Calgary – Usually Calgary veterinarian Suzon Schaal rides in the Non-Pro Bridle class of the Stampede’s Working Cow Horse Classic. She rides pretty well, too. Schaal and her 12-year old mare, Genuine Brown Girl, have a fistful of Stampede Grand Champion’s buckles to their credit.
This year, Schaal wanted to try another horse in the Non-Pro class, so she entered Genuine Brown Girl in the Open class. Most of the riders who contest the Open division are professional horse trainers, but it is an Open class, after all. When the first go in Open Bridle on Thursday was done, a dozen entries had been narrowed down to five finalists. Schaal was one and ace trainer John Swales had no fewer than three different horses qualified.
“There are some good riders here, but she’s a good horse, so I thought she’d fit in,” Schaal said. “I was just hoping to make the finals. That was kind of my goal. Whatever happened after that, I was happy with. Any horse in the final has a shot at it and you never know in Cow Horse – it totally depends on what you draw for a cow. You’re never safe.”
Sure enough, several competitors drew cows that either didn’t perform well, or were too rambunctious for the horses to display their talent.
The Stampede’s Working Cow Horse Classic continues a tradition of skilled horsemanship dating back to the earliest days of working stock from horseback. Horse-and-rider teams are judged on their authority, discipline and precision in two distinct areas – reined work, or dry work, and cow work, also known as fence work. Reined work, labeled “Western dressage” by some, is based on a predetermined pattern of manoeuvres, including figure-eights, straight runs, sliding stops and 360-degree spins. Cow work, the exciting, action-packed portion of the show, sees the horse-and-rider team first box a steer, then send it at full tilt along the fence, heading it off and turning it both ways, before finally circling it once in each direction in the centre of the arena.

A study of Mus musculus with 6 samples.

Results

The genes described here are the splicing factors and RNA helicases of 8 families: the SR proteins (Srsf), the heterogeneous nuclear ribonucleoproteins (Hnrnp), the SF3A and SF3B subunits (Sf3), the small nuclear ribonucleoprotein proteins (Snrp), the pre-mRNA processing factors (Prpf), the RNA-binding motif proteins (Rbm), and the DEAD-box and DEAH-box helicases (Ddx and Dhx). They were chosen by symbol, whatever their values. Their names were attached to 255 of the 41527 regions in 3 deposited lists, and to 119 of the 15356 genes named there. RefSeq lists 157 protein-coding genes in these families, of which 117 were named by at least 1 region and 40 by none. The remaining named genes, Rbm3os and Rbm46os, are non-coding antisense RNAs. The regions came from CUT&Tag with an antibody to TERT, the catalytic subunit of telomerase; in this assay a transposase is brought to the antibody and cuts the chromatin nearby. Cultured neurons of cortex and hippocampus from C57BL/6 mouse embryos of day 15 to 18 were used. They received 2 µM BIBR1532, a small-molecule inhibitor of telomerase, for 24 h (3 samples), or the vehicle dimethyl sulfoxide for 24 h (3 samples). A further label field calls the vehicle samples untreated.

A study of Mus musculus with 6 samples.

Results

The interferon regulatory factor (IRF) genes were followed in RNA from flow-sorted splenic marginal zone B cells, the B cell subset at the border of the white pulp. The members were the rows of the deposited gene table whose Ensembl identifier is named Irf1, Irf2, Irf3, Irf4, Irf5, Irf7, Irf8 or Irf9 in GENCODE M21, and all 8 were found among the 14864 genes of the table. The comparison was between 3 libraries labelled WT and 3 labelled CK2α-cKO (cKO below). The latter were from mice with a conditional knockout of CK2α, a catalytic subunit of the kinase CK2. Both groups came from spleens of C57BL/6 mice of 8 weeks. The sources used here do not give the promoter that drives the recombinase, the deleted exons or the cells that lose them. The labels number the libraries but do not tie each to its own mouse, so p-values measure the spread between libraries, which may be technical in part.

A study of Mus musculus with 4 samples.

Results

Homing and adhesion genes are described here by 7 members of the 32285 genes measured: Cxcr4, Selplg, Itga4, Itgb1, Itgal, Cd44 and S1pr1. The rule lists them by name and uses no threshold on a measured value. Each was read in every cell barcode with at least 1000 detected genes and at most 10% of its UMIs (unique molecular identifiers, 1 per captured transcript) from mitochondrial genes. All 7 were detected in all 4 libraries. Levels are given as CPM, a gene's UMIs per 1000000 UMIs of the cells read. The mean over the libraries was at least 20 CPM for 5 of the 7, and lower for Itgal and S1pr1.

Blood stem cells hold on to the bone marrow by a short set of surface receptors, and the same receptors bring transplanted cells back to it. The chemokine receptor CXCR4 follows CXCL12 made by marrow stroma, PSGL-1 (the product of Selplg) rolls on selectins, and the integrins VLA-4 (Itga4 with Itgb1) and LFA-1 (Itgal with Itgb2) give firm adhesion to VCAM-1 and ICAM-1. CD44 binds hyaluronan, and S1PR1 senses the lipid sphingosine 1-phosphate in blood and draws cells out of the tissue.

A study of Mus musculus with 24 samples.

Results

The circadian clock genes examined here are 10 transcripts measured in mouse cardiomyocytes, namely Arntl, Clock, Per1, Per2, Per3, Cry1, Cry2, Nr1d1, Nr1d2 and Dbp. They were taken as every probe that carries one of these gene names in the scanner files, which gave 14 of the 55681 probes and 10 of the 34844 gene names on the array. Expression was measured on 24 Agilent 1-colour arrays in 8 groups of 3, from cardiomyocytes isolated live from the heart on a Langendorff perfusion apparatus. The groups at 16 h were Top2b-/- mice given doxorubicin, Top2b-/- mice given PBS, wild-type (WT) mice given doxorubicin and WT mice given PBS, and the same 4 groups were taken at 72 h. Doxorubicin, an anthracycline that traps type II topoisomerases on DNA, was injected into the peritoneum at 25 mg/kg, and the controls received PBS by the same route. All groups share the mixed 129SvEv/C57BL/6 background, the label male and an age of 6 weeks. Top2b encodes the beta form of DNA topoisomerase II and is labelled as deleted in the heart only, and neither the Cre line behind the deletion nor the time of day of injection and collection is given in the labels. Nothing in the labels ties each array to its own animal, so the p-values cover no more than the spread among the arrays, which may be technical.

The Stampede’s Working Cow Horse Classic hosts bridle and hackamore divisions for fully-trained horses and four- and five-year-olds, respectively, with open, non-pro and novice designations for various levels of rider experience. Six championships were up for grabs — Open Bridle, Open Hackamore, Non-Pro Bridle, Limited Open Bridle, Limited Open Hackamore, and Novice Non-Pro Bridle.
“It’s kind of a kick to beat the trainer,” Schaal said of Swales. “Big thanks to him because he’s got us to where we are today.” Swales, for his part, didn’t seem to mind losing to a Non-Pro. “It’s kind of cool,” he admitted with a smile. In addition to his Reserve title in Open Bridle, Swales scored a big win in Open Hackamore, earning over ten points more than Reserve Champion Chance Harman of Okotoks.
Calgary Stampede Working Cow Horse Classic Results:
Grand Champion – Genuine Brown Gal, Owned and ridden by Suzon Schaal, Calgary, AB
Reserve Champion – Smart Marina, Owner Jim Baird, ridden by John Swales, Millarville, AB
Limited Champion – Festinas Dual Lena, Owned and ridden by Mark Parsons, Nanton, AB
Limited Reserve Champion: Smart Lil Boonlight, Owned and ridden by Kent Williamson, Bragg Creek, AB
Champion – SLR Won Smart Wolf, Owner Keri Hudson-Reykdal, ridden by John Swales
Reserve Champion – Metallic Cat Rose, Owners Jerry & Nicole Myer, ridden by Chance Harman
Limited Champion – Metallic Cat Rose, Owners Jerry & Nicole Myer, ridden by Chance Harman
Limited Reserve Champion – Nitros Coquette, Owned and ridden by Seth Abrahamson, Broderick, SK
Champion – Pepto Peppermint, Owners Eugene & Maria Murphy ridden by John Murphy
Reserve Champion – Don Quejana, Owned and ridden by Keri Hudson-Reykdal
Novice Champion – Don Quejana, Owned and ridden by Keri Hudson-Reykdal
Novice Reserve Champion – Hick A Cat, Owned by Bev & Claire MacMillan, ridden by Claire Macmillan
About the Calgary Stampede
The Calgary Stampede celebrates the people, the animals, the land, the traditions and the values that make up the unique spirit of the west. The Calgary Stampede contributes to the quality of life in Calgary and southern Alberta through our world-renowned 10-day Stampede, year-round facilities, western events and several youth and agriculture programs. Exemplifying the theme We’re Greatest Together, we are a volunteer-supported, not-for-profit community organization that preserves and celebrates our western heritage, cultures and community spirit. All revenue is reinvested into Calgary Stampede programs and facilities.